The Shakespeare Conference: SHK 13.1097  Monday, 22 April 2002

From:           Takashi Kozuka <This email address is being protected from spambots. You need JavaScript enabled to view it.>
Date:           Sunday, 21 Apr 2002 21:32:56 +0100 (BST)
Subject:        Celebrating the Bard

Once again from The Times Online (21 April 2002)...

April 21, 2002

That's amazing: Celebrating the Bard

Michael Wright

The spirit of altruism that built the internet is not dead yet. You can
find it, in the rudest of health, at Mr William Shakespeare and the
Internet (www.shakespeare.palomar.edu), which attempts to provide
annotated links to all the other useful Bardic resources in cyberspace.
And, naturally, because this is a superb, scholarly creation, the page
that every visitor races for is the apologetic one containing links to
"Amusing and/or Distracted" or "Trek Related" sites. From here, you can
send Shakespearian sonnets to paramours and insults to enemies, and even
find your way to the Klingon Language Institute's Shakespeare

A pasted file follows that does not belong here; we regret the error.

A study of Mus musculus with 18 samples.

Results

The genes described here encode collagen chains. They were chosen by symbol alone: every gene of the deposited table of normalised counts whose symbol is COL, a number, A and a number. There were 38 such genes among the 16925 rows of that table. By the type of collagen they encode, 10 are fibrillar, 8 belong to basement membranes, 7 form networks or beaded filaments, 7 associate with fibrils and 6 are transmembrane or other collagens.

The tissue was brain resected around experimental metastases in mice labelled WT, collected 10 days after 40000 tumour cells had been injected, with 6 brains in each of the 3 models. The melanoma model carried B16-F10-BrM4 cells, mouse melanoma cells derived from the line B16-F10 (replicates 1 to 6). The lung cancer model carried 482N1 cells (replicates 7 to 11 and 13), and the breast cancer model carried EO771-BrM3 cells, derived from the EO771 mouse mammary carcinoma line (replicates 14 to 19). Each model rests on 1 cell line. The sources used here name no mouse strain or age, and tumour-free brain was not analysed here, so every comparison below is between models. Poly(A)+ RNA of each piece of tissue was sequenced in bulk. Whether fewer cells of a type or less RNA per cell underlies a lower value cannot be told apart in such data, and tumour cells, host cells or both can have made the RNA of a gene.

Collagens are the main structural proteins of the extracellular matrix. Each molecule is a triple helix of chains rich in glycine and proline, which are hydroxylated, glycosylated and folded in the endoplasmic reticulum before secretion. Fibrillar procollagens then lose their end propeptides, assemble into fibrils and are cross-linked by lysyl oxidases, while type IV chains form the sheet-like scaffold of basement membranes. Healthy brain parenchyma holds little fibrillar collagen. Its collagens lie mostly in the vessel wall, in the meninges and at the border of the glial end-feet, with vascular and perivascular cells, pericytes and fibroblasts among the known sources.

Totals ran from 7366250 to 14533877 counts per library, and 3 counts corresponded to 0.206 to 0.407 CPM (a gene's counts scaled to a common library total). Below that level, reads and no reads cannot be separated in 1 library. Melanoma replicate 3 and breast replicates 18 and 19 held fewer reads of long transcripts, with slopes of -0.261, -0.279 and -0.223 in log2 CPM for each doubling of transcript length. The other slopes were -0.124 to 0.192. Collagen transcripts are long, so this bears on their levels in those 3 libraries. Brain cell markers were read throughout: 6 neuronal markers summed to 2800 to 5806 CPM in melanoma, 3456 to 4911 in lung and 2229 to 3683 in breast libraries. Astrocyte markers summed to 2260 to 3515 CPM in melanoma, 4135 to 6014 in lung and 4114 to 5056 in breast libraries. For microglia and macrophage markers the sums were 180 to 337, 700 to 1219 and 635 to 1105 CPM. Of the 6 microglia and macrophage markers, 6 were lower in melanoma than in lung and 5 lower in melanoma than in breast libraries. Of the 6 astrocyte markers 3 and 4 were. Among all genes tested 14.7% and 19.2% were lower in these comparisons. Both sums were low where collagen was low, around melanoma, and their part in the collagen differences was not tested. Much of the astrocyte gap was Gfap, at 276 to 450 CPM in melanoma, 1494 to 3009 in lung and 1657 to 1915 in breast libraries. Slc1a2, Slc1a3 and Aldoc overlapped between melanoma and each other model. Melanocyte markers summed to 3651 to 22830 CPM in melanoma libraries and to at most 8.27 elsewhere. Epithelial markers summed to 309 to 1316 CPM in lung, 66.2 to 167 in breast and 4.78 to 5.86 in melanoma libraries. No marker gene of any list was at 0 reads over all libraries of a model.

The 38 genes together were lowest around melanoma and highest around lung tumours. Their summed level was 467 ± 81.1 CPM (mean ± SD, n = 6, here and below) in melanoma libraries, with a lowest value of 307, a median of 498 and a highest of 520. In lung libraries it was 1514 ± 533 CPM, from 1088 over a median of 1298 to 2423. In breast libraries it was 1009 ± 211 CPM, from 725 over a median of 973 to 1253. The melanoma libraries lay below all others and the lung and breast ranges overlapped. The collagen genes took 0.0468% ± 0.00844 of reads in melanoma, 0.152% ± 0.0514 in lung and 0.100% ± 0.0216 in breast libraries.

Restoration Project. Less refined, but equally fanatical,
is Underground History (www.starfury.demon.co.uk/uground/), which
chronicles one man's photographic research into the "lost" stations on
the London Underground network. What emerges is that the Tube - like the
web - is an expanding network of connections, many of which fall into
disuse, remaining as forgotten ghosts long after their final passenger
has departed.

Oddly, there are no subterranean tunnels at The Underground Railroad
(www.nationalgeographic.com/railroad). In the United States this phrase
refers to the clandestine journey of Southern slaves to liberty in
Canada. And despite a brave stab at interactivity, the site lacks that
spark of fanatical creativity - or sexy subject matter -that would
really bring it to life. That is not so for www.darkdays.com, which
celebrates an extraordinary documentary about a shadowy community living
in a subway shanty town beneath the streets of New York.  Unfortunately,
even for a website with music, Dark Days is criminally slow to load. But
then life itself must be slow for these modern cave dwellers.